Dr. Eric Parsons was an invited speaker at the 2018 Ohio Shoulder and Elbow Society annual meeting in Columbus, OH on January 20 where he presented on his technical expertise and served on a panel discussing the surgical management of complex rotator cuff problems.
The management of rotator cuff tearing is individualized to each patient base on the patient’s current symptoms and future goals. Studies have shown that many patients can achieve satisfactory results and improved shoulder function without surgery even in cases in which the rotator cuff has a full thickness tear.
Nonoperative treatment of rotator cuff tears involves a multimodal approach aimed at improving shoulder strength and reducing inflammation. Antiinflammatory medications such as ibuprofen and naproxen along with regular icing are simple measures that can provide pain relief. Administration of corticosteroid injections, sometimes called cortisone or steroid injections, can have a profound effect on inflammation and pain and are a mainstay in the nonoperative management of rotator cuff tears.
Even in cases where adequate pain relief and shoulder function are realized without surgery this does not indicate that the rotator cuff tear has healed. In fact, extensive study has shown that there is little to no potential for healing of the rotator cuff without surgery. In cases where patients are enjoying satisfactory shoulder function in the face of a documented rotator cuff tear they have in actuality come to a place of less painful coexistence with the tear rather than any degree true healing. What is more, we know that these areas of tearing will increase in size over time so even if there is short term relief with nonoperative care the long term implications of the tear must be considered when devising a treatment strategy.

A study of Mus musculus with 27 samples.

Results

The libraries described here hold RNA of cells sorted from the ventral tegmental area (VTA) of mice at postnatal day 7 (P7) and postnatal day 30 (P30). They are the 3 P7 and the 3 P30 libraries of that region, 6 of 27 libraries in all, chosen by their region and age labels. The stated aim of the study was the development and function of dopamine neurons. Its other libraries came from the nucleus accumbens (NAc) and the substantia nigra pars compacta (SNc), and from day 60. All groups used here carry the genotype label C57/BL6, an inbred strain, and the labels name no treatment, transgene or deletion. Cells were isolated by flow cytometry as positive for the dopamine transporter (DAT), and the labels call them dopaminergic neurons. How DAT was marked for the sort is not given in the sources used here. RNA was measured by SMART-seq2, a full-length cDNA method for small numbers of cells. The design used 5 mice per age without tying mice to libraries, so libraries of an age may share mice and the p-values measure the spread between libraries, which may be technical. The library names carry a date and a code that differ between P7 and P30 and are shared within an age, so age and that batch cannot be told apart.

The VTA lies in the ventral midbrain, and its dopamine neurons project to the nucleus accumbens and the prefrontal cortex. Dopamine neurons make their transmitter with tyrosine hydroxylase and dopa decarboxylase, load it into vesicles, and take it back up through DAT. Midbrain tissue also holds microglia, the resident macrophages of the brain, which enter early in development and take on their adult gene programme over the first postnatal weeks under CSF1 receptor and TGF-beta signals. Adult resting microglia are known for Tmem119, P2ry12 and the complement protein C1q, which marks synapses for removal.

In many cases rotator cuff tearing will lead to enough pain and functional loss that surgery is recommended. The essence of rotator cuff surgery is reattaching or reanchoring the torn portion of the rotator cuff tendon to the bone from which it separated. Historically this involved large incisions and detachment of the bulkier outer muscle of the shoulder called the deltoid, thus allowing access to the underlying rotator cuff. Violation of the deltoid during this type of open rotator cuff repair contributed to substantial pain following surgery and if the deltoid did not heal completely following surgery shoulder function suffered even if the rotator cuff repair healed well.
The advent of arthroscopic techniques provided improved access to the rotator cuff using small instruments with the assistance of video technology, allowing for treatment of the rotator cuff through tiny incisions without trauma to the overlying deltoid muscle. In addition to reduced pain from the minimally invasive nature of the surgery, arthroscopy affords the surgeon greater visualization of rotator cuff tear patterns as the arthroscope can reach places that are not easily seen with open surgery. Today, virtually all rotator cuff repair surgery is performed through arthroscopic techniques.